Why were we so happy as children? Can a brain scan really tell us it’s all science? Are dopamine levels all we really need to gauge human happiness?
Remember being happy as a child, you know, laughing in the forest on a chase with a sibling, tossing in bed incessantly from the utter excitement of going to the amusement park the next day, and the holidays, it’s like a three-month trip on the euphoria train for adolescents like we used to be. Can you recall those times? When our happiness was so abundant it was nearly omnipresent. So what happened between then and now? From the times when we were happy little children to jaded disappointed adults? Where did all that happiness go exactly?
Stuff consumes our beings in ways freightingly unintended. The more things we own the higher the probability something needs to be fixed, cleaned, updated, or at the very least used. Stuff with value can’t be given away, for those that need money and if the time ain’t right to sell it, well the burdenous cycle continues. We just become people with stuff accumulating more stuff in an effort to quench a never-ending thirst for stuff. Not to mention the monetary debt being in the stuff-cycle brings, and all the enslavement that comes with being in debt, it gets really unhappy real quick. Stress, unease, fighting, and even fatalities are results of such.
Having copious amounts of money isn’t much better if we aren’t wise with our spending. We never had to worry about our pets surviving a turbulent private jet trip to the Caribbean island we own, or the lack of veterinary care to treat them upon arrival before all that money fell in our laps. No, with money, after a certain point at least, comes big whoppers of unexpected problems and hassles. Problems everyday Joe’s working the night shift at the tire factory never, ever, in his wildest dreams would worry about. What’s the going rate to heat a McMansion each year? And the pool costs how much to maintain? It’s a tough nut to maintain if the money well ever dries up.
Stuff and money sap us of the one great pleasure of youth, simplicity. We lose our simple lives of routine for the grand production of a delicate balancing act, where balancing atop the razor thin wire of focus and purpose is a daily routine.
Some of the biggest companies in the world, many of them to be more specific, prey on our needs for more stuff. Apple is far from an ambivalent party here, there are product cycles geared towards our insatiable need for the latest and greatest. A child in the Horn of Africa just wants some food so he doesn’t die that day, but we maxed out our credit cards on something far less important than life-sustenance, we got something tangible that has neither a heart or a soul. If only we could pin our grievances on materialism and the trappings of such, but it’s more complicated than just what we buy, it’s also what we say, and what others around us say.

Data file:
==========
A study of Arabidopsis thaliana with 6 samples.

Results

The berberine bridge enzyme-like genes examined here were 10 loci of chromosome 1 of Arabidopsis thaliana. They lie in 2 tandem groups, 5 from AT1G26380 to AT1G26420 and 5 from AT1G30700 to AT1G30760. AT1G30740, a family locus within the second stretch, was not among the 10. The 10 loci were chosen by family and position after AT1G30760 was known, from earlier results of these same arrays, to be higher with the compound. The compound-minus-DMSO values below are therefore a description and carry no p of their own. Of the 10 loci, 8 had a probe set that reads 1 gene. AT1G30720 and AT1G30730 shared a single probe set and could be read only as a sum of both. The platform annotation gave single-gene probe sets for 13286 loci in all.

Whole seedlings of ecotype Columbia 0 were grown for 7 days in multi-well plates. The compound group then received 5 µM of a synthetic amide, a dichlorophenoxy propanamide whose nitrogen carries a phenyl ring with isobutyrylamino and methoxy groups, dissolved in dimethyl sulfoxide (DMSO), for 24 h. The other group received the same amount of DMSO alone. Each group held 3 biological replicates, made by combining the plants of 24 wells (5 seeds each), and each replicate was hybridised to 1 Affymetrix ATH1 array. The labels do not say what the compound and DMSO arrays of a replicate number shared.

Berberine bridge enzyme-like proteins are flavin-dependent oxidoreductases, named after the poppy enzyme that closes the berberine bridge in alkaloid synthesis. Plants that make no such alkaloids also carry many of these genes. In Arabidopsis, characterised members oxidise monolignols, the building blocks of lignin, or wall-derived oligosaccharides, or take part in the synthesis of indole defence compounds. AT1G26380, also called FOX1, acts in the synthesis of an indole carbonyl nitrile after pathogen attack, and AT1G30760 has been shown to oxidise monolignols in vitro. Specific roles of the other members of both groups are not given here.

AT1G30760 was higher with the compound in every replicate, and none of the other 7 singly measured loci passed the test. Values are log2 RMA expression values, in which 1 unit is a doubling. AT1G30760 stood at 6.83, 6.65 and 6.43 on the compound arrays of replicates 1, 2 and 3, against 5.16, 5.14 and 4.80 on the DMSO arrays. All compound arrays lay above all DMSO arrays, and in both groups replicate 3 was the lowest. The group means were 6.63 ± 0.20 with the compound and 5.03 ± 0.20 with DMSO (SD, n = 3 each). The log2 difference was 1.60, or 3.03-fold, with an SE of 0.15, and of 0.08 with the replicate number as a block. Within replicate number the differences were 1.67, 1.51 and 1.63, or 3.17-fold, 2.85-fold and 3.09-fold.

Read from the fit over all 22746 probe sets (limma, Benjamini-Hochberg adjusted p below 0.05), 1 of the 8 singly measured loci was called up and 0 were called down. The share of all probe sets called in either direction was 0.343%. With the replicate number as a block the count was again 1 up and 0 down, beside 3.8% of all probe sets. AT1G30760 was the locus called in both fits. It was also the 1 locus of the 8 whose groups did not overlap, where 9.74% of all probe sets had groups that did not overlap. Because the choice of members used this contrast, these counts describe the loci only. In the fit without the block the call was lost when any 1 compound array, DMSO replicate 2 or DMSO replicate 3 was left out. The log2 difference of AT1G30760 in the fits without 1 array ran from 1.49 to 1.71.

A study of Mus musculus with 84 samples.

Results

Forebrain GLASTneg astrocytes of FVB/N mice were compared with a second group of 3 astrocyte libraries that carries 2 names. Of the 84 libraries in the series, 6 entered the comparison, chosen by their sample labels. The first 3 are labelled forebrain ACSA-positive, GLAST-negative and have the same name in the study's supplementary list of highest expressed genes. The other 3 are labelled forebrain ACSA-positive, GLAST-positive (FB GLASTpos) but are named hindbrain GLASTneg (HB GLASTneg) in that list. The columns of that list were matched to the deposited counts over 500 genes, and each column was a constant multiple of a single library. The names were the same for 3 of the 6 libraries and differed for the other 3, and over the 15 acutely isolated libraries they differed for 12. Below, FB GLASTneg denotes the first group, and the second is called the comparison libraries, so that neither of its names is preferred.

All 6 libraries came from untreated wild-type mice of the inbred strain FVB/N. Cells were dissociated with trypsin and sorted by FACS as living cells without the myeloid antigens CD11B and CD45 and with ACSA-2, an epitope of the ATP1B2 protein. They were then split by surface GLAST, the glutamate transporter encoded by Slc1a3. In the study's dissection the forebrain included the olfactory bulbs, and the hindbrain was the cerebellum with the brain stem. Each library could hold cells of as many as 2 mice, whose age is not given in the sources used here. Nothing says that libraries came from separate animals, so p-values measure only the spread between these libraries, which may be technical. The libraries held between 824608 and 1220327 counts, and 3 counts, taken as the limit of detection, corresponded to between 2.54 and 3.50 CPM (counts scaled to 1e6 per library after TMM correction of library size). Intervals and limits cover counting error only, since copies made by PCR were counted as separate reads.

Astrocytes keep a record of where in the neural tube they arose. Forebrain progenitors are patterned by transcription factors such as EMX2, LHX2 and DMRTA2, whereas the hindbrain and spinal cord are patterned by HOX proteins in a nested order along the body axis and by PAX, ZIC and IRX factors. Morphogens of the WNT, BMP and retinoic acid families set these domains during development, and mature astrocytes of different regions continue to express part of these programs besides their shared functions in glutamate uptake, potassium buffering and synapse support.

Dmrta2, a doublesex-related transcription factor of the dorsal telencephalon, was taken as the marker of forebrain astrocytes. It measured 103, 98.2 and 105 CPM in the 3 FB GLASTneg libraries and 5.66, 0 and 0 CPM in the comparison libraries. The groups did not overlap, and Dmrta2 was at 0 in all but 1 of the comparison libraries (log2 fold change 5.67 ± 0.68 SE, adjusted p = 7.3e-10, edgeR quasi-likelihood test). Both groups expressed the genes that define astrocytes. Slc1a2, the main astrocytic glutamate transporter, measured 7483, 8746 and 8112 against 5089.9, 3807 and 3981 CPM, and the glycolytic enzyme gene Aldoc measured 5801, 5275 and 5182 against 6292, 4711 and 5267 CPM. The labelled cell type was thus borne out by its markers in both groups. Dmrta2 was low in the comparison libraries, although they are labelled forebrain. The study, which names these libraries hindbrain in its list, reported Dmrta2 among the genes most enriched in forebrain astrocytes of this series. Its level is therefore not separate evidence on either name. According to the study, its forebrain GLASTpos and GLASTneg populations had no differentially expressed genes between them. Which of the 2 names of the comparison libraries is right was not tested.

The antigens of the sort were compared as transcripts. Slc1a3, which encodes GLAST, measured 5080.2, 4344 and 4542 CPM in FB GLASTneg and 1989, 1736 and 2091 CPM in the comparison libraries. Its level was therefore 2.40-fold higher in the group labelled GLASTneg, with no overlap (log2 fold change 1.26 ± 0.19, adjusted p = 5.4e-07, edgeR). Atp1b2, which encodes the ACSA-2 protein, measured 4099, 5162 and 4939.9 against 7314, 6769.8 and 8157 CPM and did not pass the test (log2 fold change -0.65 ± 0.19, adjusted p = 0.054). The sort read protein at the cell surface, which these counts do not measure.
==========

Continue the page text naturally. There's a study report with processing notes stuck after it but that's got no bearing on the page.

People pollute our minds with mental junk.
I’m secretly bothered by people that talk about other people, because mentally they are creating clutter on the most sacred human space of them all, the mind. Their mind is now clogged with it, and they are fast filling up my brain shelves with it as well.
We verbally butcher people for the craziest reasons, and yet it never satisfies us, so we keep at it, hoping one day there might be some fulfillment from putting someone else down, though as far as I know true peace has never arrived from such. I’m not talking about written critiques of elected leaders, or investigative journalism that uncovers the world’s most hidden improprieties, no, I’m talking about gossip. Gossip blogs, gossip from our lips, gossip from others, it’s useless, and propels us to stock our mental shelves with the unimportant in the most valuable of places. If we are so concerned with Kim Kardashian’s wedding failure or Justin Bieber’s paternal DNA test, what just got shoved out of the way? What if instead of Kim and Justin we thought of homeless Bob on the street corner and Mary in an abusive relationship? Our mental shelves offer only so much capacity, and our wellbeing is much better off for focusing on the Bob’s and Mary’s instead of the Kim’s and Justin’s of the world. Heck, we might just be able to help Bob and Mary.
How can we ever be happy with so much in our minds, homes, and banks? Truth be told we can’t, we never will be, and we shouldn’t expect to be until the art and act of simplicity is fully embraced.
Simplify everything, where you live, what you buy, whom you hang out with, and what you say. Try it for a week and see if it isn’t easier to be a better person, and as important, simply be at peace with world. Simplicity works in our world because our world is full of distractions, and without a clear and well thought out plan we don’t stand a chance at making it through unscathed.
Simplicity offers at the very least a road to a home built on the fertile soil of peace landscaped with trees of calming focus, and a door open wide enough to let whatever shows up come through with ease.
On a personal note I’ve been working on simplifying my life for the past 13 months. Everything in my life has taken a turn for the better, and while I still have a long road to travel to achieve anything close to peace of mind, I feel empowered by what simplicity has offered me thus far, and the above is my testament to such.